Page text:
Before you dive into the action, we’ve devised a quick walkthrough guide that will help you understand what the three most popular types of college football betting methods and how to use them.
The point spread is the most common way handicappers bet on college football. The spread is a number that’s created by the college football odds makers to even out the matchups between two teams. For example, if one successful, big college football school is playing a weaker team, a point spread will even out the matchup. Here’s how:
Houston Cougars +21
USC Trojans -21
In this setting, USC is a 21-point favorite. When there’s a minus sign in front of the number, that’s how many points the team needs to win by to cover the point spread. In this case, USC would need to win by 22 points or more to cover. As for Houston, they are +21, which means they are receiving 21 points. If they lose by 20 points or less, or if they win the game, then they cover the point spread.
If the game lands exactly on 21 points, it’s considered a tie or a push, as it is called in the industry. Usually, spreads end with a .5, as in 7.5 or 20.5. That way, there can’t be a tie.
While the point spread makes the bettor focus on how many points need to be scored to cover a spread, the money line simply refers to a team winning outright. So in the above case, if you placed your college football picks on USC on the money line, they wouldn’t have to win by 21 points. If they won, you would win your bet. If you were betting Houston, the same would be the case: if they win, you win. If they lose, you lose. However, the odds change significantly in a money line bet and the numbers even look a bit different. Let’s take a look at another example:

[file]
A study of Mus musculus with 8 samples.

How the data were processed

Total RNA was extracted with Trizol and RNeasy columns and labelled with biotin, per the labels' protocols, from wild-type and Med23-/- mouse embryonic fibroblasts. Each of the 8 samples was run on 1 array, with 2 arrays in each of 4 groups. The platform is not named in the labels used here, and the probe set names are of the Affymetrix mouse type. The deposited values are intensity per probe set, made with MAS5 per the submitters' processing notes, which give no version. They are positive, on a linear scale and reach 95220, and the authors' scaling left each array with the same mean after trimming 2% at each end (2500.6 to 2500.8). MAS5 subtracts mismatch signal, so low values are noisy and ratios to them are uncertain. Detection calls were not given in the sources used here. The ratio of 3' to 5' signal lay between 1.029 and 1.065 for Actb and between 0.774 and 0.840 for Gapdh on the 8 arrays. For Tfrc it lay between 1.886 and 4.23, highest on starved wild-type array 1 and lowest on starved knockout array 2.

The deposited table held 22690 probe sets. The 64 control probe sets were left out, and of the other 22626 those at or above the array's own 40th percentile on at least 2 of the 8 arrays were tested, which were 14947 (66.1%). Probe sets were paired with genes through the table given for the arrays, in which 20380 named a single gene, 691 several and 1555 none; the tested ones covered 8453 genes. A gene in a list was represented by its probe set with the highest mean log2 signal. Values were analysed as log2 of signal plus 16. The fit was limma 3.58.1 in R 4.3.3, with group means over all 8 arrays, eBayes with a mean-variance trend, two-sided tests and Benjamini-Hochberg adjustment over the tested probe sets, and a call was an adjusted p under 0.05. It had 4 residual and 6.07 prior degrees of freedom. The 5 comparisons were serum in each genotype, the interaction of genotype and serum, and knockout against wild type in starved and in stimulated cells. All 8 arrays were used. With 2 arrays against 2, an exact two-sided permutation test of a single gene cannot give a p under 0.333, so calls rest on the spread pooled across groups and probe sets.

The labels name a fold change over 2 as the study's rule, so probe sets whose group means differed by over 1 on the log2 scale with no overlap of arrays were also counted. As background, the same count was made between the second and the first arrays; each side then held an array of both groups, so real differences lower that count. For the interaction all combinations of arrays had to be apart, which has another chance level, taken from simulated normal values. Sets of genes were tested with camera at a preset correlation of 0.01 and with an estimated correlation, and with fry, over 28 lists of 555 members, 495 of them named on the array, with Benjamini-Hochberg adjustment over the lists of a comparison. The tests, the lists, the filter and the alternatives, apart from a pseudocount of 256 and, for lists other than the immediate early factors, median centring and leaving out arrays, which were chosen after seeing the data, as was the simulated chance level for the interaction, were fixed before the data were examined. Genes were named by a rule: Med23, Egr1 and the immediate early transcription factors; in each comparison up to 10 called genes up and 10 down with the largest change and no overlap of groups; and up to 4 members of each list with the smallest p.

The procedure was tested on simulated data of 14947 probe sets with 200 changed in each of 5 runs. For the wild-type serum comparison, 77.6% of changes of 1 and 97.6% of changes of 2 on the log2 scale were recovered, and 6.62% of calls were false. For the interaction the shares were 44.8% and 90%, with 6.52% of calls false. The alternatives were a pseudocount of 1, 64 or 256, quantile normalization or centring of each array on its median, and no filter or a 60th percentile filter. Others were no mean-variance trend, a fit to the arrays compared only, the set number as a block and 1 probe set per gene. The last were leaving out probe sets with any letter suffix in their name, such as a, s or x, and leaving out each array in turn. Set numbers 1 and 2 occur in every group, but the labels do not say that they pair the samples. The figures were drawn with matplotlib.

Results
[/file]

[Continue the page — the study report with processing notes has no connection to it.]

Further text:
LSU Tigers +140
Alabama Crimson Tide -160
In this example, the Alabama Crimson Tide favored by -160. With the minus sign in front, what this means is if you bet $160, you win $100. With LSU, the plus sign indicates the amount of money you would win if you bet $100 ($140 in this case). Although these numbers are based on $100 bets, you can bet whichever amount you want. The ratios simply change.
The key with a money line bet is that you’re betting on a team to win outright; that’s all. No points are involved.
Total betting in college football is pretty much exactly how it is in any other sport: there’s an over/under and you bet on whether the two teams will combine to score more or less than that number.
For example, let’s say the total in the Alabama-LSU game is set at 39.5. In this case, let’s say you think it will be a shootout. You can bet over and predict that there will be more than 39.5 point scored in the game. Now if you think it will be a defensive struggle, you’d probably bet under 39.5.
That’s how the total works. It’s that simple.